Microsoft Front Runner Gives Partners Head Start, Prestige

By John Hazard  |  Posted 2005-10-10 Email Print this article Print
 
 
 
 
 
 
 

VARs and ISVs participating in Microsoft's new Front Runner program get to release solutions alongside Microsoft's product line, providing a head starts and a nod of confidence from the vendor.

When Microsoft Corp. releases SQL Server 2005 in November, Emanual D. Errico, won't just hit the ground running after a new solution.

His firm STFB Inc., a database ISV, will be out in front of the pack with a solution developed ahead of the release and tested and certified as effective by Veritest.

STFB and other ISVs developing solutions for SQL Server are part of Microsoft's freshman class in its Front Runner program, which gives VARs and ISVs early access to the Software giant's products and technical support to develop solutions that release with the products themselves.

Designated Microsoft partners participating in Front Runner receive early versions of Microsoft products included in Front Runner, as well as technical guidance and marketing support geared to time their release with that of the product, the company announced on its Web site. Participants must meet a deadline (March 31 for SQL Server) to reap the full benefits of the program.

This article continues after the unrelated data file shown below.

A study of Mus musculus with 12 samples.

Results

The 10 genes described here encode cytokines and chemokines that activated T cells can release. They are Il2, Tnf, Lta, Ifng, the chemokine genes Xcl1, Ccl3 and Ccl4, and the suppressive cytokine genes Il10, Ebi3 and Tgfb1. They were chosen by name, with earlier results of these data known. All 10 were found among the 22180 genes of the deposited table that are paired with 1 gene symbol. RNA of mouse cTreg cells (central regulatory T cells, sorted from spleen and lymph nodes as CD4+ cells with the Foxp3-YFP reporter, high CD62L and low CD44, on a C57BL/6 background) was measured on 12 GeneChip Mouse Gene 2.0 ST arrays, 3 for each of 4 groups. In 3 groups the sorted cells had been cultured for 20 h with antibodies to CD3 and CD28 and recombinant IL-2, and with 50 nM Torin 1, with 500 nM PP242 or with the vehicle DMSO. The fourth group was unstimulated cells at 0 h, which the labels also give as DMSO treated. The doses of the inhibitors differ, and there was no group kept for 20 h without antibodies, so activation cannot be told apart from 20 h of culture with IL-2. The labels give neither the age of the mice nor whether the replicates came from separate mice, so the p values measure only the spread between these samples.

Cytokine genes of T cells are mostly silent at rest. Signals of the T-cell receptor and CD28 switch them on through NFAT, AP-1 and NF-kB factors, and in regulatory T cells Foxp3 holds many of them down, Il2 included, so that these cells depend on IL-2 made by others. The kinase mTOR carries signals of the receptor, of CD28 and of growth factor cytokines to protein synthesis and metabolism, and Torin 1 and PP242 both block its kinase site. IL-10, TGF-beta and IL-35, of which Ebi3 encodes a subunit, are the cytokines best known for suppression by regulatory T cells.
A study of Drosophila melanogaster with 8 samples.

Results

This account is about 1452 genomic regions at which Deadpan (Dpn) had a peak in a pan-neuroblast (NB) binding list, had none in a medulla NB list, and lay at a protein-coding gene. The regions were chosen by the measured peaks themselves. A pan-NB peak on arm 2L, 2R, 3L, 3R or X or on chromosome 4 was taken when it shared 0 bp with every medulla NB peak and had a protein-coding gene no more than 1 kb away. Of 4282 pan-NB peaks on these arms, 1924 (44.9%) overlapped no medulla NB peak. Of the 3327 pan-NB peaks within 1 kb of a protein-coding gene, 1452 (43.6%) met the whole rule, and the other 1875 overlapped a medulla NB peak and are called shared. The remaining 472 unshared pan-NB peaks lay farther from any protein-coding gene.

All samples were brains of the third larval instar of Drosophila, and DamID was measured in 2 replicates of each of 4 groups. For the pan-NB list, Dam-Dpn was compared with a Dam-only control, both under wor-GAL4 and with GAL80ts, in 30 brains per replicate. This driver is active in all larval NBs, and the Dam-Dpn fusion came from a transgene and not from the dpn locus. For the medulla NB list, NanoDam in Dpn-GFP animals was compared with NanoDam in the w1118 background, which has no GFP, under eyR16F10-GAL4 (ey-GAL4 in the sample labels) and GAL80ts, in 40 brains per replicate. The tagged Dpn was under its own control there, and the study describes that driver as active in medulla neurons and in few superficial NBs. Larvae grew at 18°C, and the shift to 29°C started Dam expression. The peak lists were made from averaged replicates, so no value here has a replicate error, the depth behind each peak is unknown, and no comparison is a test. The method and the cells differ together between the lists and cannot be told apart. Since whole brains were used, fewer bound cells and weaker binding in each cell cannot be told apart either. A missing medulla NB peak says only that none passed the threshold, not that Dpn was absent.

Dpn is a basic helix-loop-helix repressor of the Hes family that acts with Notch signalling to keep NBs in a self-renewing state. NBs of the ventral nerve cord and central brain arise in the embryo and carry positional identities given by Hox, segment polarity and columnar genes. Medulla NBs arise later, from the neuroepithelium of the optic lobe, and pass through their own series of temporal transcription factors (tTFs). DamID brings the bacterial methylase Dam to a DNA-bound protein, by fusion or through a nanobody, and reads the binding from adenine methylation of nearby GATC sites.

For Microsoft, Front Runner ensures that robust applications for its line are available immediately. For participating solution providers it means a step ahead of the competition and a nod of confidence from the Redmond, Wash. Company, Errico and other early users said.


STFB used Front Runner to integrate their accounting and ERP system with SQL.

Mimosa Systems Inc. built its e-mail data management solution around Beta versions of SQL Server as it was being developed and switched out to the final version only before shipping it, said Ellen Pearson, president of Mimosa. The affect is a more useful product for both organizations, she said.

"The goal is to be concurrent," she said. "You aren't going to sell a product that has no solution and you aren't going to deploy a solution without the tools… When they're ready to launch they have a solution to go with it; when we're ready to launch we have a database to go with our solution."

The prestige associated with being on the cutting edge and connected to an established vendor are also a marketing coupe, she said.

Mimosa intends to leverage Front Runner to progress their solution when the next version of Microsoft Exchange arrives, Pearson said.